Leo E. Osborne

Leo E. Osborne is no stranger to the wild side of life. Having grown up in the woodlands of coastal Massachusetts, the multi-award-winning artist and writer says nature plays an influential role in his life and frequently shapes his art. “I was always in love with wildlife, even as a child,” says Osborne.

This love of nature brought Osborne to the Pacific Northwest during the ‘90s, when he first visited Guemes Island. “I had this feeling like I was coming home. It just appealed to me greatly. I had already fallen in love…” For the past two decades, he and his wife, Jane Lane, have made their place on the island, reveling in the natural beauty and wildlife that surrounds them.


Osborne, 71, devotes his life to creating art, no matter the medium. A quick trip to his website unveils an impressive resume with honors and awards dating back to 1981. Though he originally began as a painter, Osborne taught himself how to sculpt, wanting an additional method for bringing his artistic visions to life.

To say the least, his artistic range is dynamic. His online gallery displays an array of wood and metal sculptures, often depicting wildlife in its natural state. His paintings make use of vivid colors and evocative imagery, highlighting the mystical elements of our environment.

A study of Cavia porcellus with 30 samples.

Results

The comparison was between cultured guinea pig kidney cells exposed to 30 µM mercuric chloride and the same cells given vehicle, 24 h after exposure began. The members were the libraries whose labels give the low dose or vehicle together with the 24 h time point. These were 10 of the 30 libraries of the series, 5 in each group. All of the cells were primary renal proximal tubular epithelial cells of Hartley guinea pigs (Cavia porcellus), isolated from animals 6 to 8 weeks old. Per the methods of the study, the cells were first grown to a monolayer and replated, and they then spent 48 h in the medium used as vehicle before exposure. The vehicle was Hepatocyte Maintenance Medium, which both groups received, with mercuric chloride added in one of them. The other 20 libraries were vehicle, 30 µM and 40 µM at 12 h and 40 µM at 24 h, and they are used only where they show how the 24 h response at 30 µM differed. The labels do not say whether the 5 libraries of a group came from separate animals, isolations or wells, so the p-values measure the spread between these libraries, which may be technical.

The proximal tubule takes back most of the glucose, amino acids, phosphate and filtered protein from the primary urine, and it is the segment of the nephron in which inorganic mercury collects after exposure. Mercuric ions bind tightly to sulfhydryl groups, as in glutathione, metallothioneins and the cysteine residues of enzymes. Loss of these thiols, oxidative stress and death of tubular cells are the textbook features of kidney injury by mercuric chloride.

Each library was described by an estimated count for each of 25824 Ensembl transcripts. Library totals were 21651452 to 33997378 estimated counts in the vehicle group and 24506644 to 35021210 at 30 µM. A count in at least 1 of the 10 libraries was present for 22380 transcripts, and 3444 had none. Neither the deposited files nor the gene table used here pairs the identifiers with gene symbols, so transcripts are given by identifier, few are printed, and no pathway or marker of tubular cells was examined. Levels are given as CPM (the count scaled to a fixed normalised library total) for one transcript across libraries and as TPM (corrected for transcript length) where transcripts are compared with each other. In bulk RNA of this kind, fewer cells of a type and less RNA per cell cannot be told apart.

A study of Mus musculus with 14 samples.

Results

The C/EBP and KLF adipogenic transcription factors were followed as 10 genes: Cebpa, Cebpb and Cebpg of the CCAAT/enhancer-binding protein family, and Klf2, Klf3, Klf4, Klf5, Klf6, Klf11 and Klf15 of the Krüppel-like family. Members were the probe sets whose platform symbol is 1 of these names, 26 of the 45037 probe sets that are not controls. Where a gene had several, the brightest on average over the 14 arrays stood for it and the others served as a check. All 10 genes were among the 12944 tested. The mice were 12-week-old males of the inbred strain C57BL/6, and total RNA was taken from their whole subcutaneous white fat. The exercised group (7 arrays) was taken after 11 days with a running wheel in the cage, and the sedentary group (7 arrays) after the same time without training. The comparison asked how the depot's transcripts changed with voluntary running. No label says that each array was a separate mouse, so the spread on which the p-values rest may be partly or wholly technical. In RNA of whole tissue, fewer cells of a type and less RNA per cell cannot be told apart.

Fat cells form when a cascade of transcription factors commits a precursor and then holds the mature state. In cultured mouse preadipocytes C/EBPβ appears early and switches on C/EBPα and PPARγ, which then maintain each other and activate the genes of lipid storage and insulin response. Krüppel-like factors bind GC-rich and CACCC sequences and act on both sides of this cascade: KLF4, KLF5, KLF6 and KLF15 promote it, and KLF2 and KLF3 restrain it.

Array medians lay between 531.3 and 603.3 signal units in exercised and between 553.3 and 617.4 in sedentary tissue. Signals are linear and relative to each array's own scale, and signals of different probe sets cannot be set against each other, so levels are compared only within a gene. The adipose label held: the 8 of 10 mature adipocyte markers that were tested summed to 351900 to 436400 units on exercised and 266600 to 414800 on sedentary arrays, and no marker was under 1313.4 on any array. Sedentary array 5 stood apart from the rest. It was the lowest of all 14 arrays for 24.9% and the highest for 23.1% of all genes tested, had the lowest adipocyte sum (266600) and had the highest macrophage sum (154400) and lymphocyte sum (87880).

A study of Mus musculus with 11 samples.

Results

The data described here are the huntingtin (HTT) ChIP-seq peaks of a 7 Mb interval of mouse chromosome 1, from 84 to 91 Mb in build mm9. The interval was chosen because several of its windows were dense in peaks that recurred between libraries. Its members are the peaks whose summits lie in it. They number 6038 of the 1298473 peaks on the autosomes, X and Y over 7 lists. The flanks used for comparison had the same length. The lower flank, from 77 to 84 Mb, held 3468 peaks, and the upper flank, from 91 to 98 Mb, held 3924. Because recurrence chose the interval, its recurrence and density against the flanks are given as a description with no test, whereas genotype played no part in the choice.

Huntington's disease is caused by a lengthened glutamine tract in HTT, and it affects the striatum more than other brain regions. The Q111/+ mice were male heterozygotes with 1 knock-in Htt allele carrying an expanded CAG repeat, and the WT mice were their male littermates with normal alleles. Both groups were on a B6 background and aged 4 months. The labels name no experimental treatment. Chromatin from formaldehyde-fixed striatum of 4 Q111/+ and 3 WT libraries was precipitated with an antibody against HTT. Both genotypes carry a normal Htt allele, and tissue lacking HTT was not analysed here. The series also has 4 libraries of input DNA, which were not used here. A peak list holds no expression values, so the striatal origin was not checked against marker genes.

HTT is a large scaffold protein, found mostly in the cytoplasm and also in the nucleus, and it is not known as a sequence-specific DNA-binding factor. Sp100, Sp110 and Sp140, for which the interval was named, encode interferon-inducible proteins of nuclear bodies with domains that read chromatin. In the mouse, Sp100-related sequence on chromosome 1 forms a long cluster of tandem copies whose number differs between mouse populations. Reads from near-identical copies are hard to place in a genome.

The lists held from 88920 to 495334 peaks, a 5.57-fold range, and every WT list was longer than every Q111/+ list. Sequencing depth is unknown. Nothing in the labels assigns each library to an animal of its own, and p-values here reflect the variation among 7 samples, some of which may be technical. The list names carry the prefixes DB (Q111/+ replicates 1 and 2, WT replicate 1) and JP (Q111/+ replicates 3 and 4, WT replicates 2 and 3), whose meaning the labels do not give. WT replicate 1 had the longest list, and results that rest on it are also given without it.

Osborne has received much acclaim for his sculpting in particular, having won Best Interpretive Bird Carver in the World at The Ward Museum of Wildfowl Art’s World Bird Carving Competition in 1989.

“I love working with raw, chaotic pieces of wood,” he says. “Through the chaos, I somehow have found this Zen point that I can reach into and collaborate with.” In this state of solace, Osborne creates artwork that reflects the profound inner dialogues he has with each piece.

At the time of the Valdez Oil Spill in 1989, for example, he had been working on a compelling maple burlwood sculpture of three shorebirds called “Still Not Listening.” In response to the environmental disaster, Osborne decided to have one bird stuck on its back with a wing upstretched, trying to free itself from the merciless black goo. “Finding these little links in nature that I can then interpret and bring into the human mindset becomes a very powerful lesson for me,” Osborne says.

The same sculpture is now featured in a traveling national museum exhibition, “Environmental Impact,” for the second time.


Despite his experience, Osborne actively reinvents his art, choosing to leave behind certain aspects of his work in pursuit of others. “I liken myself to being an explorer,” he says. “I’m an explorer within the world of art.”

With tenacious energy and a limitless supply of wonder, Osborne continues to explore the world through his art, never knowing where it will take him next. In a recent partnership with Village Books, he is working to publish his first written and illustrated book, “The Cat and the Coracle.” It’s expected to hit shelves this fall.